The Butterfly Effect
By Molly Winans
The Butterfly Effect
“It’s good luck,” I said to my beau, as I saw the butterfly flying astern of us with his wings orange and black against the blue sky. Or were praying mantises the lucky creatures? Butterflies signified transformation? As we passed Thomas Point Shoal Lighthouse in 13 knots of breeze, gusts up to 18, and 75-degree temperatures, on the sunny side of the cockpit, after a satisfying ham-and-cheese wrap for lunch, that September Saturday buzzed with good fortune. That nature’s orange, fluttering work of art whispered a shift to autumn did not occur to me.
Although, I noted other signs of seasonal shift. The black fleece vest with the Truckee Freestyle Ski Team logo I zipped up to my chin. The jeans I had dug out of the back of my closet the previous weekend, now rolled up to mid-calf, as if I were digging clams or walking on the beach—a small rebellious gesture that seemed to say, I’m not really wearing jeans yet. That’s so October. How later, after dropping the hook in a quiet anchorage, we scrambled to spice the chicken and grill it before the early sunset, when we both donned long-sleeved fleeces. And this, the most conspicuous autumnal harbinger: the skipper, who is always the first to strip and jump in the Bay, crinkled up his nose and admitted tentatively, as if it compromised his manhood, that it was too chilly for an after-dinner dip.
Then, there were the stars. A few years back, we had a late fall British Virgin Islands trip to plan for. This year, we will bundle up in our goose down jackets and enjoy the brisk fall days to come. We still have mini-getaways to plan. With the U.S. Sailboat Show coming over Columbus Day weekend October 5-9, we can count on at least two available weekends left this season to comfortably overnight at anchor. In November, we will pay for a boat slip, and “plug in” at the Chesapeake Bay Maritime Museum docks. Dinner at a restaurant and heat on the boat: for us, that’s unusual luxury.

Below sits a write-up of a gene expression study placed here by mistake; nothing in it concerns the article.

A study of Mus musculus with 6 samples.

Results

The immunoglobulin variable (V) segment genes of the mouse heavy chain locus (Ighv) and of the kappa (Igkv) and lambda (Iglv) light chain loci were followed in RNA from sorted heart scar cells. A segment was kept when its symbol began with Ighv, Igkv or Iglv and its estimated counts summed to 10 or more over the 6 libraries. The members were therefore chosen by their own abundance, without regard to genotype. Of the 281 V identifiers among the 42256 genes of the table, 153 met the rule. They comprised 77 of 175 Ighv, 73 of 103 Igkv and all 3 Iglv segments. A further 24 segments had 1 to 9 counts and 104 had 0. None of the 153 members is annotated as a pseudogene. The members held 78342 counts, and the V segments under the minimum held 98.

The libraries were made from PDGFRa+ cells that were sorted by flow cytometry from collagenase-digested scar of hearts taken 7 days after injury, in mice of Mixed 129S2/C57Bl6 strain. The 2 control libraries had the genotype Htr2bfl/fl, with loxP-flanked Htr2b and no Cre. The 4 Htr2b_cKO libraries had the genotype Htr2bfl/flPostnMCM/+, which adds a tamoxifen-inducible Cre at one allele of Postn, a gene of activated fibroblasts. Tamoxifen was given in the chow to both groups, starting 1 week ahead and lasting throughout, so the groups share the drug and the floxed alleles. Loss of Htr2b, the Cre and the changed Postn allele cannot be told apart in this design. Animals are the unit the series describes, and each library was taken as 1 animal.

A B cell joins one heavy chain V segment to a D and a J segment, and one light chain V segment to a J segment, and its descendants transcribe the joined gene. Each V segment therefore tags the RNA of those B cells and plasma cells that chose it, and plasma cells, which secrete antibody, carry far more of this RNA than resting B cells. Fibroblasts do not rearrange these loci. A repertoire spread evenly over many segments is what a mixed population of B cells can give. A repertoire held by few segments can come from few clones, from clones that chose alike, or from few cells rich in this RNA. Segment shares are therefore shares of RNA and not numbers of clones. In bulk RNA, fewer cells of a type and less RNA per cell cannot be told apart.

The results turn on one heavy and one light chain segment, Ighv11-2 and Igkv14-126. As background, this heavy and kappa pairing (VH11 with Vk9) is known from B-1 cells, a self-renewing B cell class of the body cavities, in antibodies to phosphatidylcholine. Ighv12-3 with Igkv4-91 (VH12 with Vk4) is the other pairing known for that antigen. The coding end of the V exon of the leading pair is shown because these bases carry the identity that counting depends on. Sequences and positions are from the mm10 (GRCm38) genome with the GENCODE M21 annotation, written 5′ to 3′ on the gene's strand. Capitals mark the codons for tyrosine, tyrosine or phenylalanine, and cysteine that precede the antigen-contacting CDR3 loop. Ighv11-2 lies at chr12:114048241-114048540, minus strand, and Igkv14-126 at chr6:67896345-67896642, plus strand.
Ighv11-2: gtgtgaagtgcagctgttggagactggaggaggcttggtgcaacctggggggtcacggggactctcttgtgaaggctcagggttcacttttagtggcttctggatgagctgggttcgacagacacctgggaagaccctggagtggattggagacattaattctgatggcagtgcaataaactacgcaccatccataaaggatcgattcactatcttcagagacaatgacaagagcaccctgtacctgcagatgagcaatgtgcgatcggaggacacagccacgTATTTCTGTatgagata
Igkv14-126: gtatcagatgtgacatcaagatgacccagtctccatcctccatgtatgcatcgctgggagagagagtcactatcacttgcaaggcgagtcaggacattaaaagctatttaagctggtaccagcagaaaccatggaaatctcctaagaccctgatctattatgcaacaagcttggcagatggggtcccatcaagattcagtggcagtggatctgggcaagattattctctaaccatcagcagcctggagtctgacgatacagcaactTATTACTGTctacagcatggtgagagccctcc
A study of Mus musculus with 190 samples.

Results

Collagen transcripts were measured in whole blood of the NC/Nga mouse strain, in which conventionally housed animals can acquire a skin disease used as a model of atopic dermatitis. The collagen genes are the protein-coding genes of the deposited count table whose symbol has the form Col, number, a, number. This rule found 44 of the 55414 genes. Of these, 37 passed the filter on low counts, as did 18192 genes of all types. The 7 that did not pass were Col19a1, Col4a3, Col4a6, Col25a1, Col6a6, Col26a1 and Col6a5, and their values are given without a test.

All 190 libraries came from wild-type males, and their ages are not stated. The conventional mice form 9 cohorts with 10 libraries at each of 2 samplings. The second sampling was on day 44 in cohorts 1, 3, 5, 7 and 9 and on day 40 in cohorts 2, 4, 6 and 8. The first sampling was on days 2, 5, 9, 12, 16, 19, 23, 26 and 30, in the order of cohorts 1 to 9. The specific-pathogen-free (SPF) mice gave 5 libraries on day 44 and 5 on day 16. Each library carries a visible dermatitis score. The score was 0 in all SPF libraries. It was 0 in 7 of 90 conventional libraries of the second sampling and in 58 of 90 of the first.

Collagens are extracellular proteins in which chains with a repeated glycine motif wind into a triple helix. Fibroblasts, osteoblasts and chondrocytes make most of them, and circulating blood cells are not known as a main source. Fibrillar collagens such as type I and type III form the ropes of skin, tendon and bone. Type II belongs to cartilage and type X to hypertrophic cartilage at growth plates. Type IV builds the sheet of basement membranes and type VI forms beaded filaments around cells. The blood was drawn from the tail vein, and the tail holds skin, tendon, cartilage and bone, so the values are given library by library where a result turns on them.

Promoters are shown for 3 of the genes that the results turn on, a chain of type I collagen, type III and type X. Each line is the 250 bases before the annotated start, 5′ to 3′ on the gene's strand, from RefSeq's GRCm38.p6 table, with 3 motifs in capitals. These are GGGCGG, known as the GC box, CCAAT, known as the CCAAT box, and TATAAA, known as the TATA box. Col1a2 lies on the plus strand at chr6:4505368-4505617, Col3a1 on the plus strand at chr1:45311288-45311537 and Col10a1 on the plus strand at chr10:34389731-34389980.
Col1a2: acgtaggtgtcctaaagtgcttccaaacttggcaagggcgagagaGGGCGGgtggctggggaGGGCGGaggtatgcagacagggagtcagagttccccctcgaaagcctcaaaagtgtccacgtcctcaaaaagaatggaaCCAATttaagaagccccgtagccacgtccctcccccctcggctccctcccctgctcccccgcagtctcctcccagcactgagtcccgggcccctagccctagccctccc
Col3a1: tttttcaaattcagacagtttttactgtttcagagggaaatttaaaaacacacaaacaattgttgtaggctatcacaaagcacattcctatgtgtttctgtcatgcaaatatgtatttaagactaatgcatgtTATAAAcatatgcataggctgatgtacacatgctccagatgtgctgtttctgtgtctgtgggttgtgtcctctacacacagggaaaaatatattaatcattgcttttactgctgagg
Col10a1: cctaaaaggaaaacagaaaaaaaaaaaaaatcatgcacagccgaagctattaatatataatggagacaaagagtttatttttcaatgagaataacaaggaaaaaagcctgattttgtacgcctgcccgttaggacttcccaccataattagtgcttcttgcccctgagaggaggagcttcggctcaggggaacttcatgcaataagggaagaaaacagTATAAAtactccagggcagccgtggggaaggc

For our final cruise three years ago, on a cloudy, windy day, we took a memorably quick sail from Annapolis, down around Bloody Point, up Eastern Bay, into the Miles River, and up the Wye River, where we slowly motored up Quarter Creek, until we were scared of running out of water. “You’re here already?” my friend asked when we called to say we were anchored in her creek. Not often, but sometimes, the wind blows just the way you want it to.
I put the lasagna I had assembled the night before into the oven. A while later, my rain-jacket-clad friends, Kirsten, John, and their two sons, Jack and Ben, motored over in their Whaler through the drizzle and climbed aboard. You may have dear old friends who bring out the laughter in you; for me, that’s the Elstner family. If you are looking for a recipe for warming up a boat’s saloon in 50 degrees at anchor, baking lasagna and gathering six people who crack each other up are surefire ways to steam up the hatch windows. If our last cruise of this season ends as it did that year, we will indeed be lucky.
I googled butterflies (and “butterflies and luck”), and based on what I learned, I believe the one I saw that day was a Monarch, known to start its migration in August and yes, thought to be a symbol of change. I also learned that the pioneer of chaos theory’s “butterfly effect” discussed the flap of a seagull’s wings affecting the course of weather; he later changed it to butterfly to give it a poetic ring.
Our Monarch friend sailed alongside us for quite a while, his wings apparently well-equipped for a fresh breeze. Perhaps, he will hang out along the West River until the first frost. Then, the circadian clock in his antennae, his inner compass, and some say, the earth’s magnetic field will guide him south, maybe to Key West, maybe to México. Mother Nature loves an escape plan.
A version of this article first appeared in the October 2012 SpinSheet.
Molly Winans is managing editor of SpinSheet, PropTalk, and FishTalk Magazines out of Annapolis, MD.